Photo: St. Augustine
Florida this weekend is commemorating the 1513 arrival of Spanish explorer Juan Ponce de Leon on its shores, a landing and expedition that marked the beginning of the Spanish presence on mainland North America and, in effect, put the continent on the map.
It was on Easter Day - March 27, 1513 - that the crew of the vessels commanded by Ponce de Leon spotted an unknown coastline where no European had ever been known to set foot.
On April 3 - although historians are not in agreement on that date - the Spanish commander landed on the coast north of where the city of St. Augustine now stands, near Ponte Vedra Beach, marking the beginning of the modern history of North America.
Five hundred years have passed since that historic date, although Steve Higgins, the communications director of the beautiful St. Augustine Lighthouse and Museum, told Efe that it is a shame that “almost nothing (of that era) is taught in schools” nowadays.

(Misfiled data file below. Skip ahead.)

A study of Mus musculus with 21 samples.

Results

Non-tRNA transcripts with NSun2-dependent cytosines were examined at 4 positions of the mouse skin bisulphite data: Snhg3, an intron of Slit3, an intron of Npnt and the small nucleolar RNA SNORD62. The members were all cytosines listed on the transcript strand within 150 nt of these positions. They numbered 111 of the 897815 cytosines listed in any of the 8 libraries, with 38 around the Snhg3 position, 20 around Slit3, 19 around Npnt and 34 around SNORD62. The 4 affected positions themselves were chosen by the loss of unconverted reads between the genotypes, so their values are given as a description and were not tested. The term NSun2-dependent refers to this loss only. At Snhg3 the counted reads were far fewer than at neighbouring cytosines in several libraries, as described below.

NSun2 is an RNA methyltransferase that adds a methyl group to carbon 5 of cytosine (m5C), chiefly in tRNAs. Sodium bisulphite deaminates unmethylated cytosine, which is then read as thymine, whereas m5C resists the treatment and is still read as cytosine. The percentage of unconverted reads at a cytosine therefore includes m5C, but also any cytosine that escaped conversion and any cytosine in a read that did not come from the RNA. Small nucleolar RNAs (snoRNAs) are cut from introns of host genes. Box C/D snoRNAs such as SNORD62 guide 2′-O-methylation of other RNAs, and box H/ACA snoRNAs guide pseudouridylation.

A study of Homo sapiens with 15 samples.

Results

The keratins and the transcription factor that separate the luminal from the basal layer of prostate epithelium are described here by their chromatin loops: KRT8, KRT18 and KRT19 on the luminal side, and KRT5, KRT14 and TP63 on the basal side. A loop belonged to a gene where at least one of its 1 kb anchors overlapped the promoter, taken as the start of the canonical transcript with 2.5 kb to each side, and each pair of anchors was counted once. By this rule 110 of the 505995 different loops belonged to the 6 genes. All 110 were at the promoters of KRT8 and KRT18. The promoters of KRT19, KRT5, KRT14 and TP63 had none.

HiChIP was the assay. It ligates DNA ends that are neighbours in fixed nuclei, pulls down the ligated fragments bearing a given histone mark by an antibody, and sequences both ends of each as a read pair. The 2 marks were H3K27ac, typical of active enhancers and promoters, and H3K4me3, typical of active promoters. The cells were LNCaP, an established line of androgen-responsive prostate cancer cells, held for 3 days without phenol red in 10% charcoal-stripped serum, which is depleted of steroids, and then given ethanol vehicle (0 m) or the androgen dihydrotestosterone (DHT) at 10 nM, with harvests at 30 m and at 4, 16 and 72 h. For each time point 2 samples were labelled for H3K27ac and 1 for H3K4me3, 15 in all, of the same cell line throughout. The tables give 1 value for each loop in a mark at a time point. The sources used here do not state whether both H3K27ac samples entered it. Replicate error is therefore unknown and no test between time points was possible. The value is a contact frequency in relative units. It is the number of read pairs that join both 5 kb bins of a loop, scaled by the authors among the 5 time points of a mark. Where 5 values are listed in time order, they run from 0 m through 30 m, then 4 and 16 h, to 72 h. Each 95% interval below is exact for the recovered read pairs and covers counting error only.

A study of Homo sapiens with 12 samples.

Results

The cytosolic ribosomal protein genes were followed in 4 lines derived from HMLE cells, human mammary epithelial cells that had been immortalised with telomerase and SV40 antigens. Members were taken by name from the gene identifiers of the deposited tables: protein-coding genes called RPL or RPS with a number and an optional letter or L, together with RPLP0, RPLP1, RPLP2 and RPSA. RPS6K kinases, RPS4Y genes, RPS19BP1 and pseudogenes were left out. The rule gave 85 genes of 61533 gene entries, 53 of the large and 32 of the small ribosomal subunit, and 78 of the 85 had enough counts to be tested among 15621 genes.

“More than a century before the famous ‘Pilgrim Fathers’ arrived on the coast at Plymouth (Massachusetts), the Spaniards were already here” and they gave rise to the country’s “first melting pot of cultures,” Higgins said.
This 500th anniversary is “a very important commemoration not only for Florida but also for the entire United States,” Higgins said, noting the expositions and events taking place these days at the lighthouse of Victorian design built in 1871.
The lighthouse houses a museum on its three floors and is devoted to the preservation and dissemination of historical heritage.
Numerous events to commemorate the state’s founding are being held this year all across Florida, in Miami, St. Augustine, Pensacola, Gainesville, Melbourne Beach and Ft. Pierce, among other cities.
The celebrations include expositions, conferences, gastronomic events, music, recreations of historic events in period costumes, parades and folk dances.
St. Augustine, in particular - the oldest city in the United States, founded by Spain’s Pedro Menendez de Aviles in 1565 - is devoting special attention to its program for the 500th anniversary celebrations.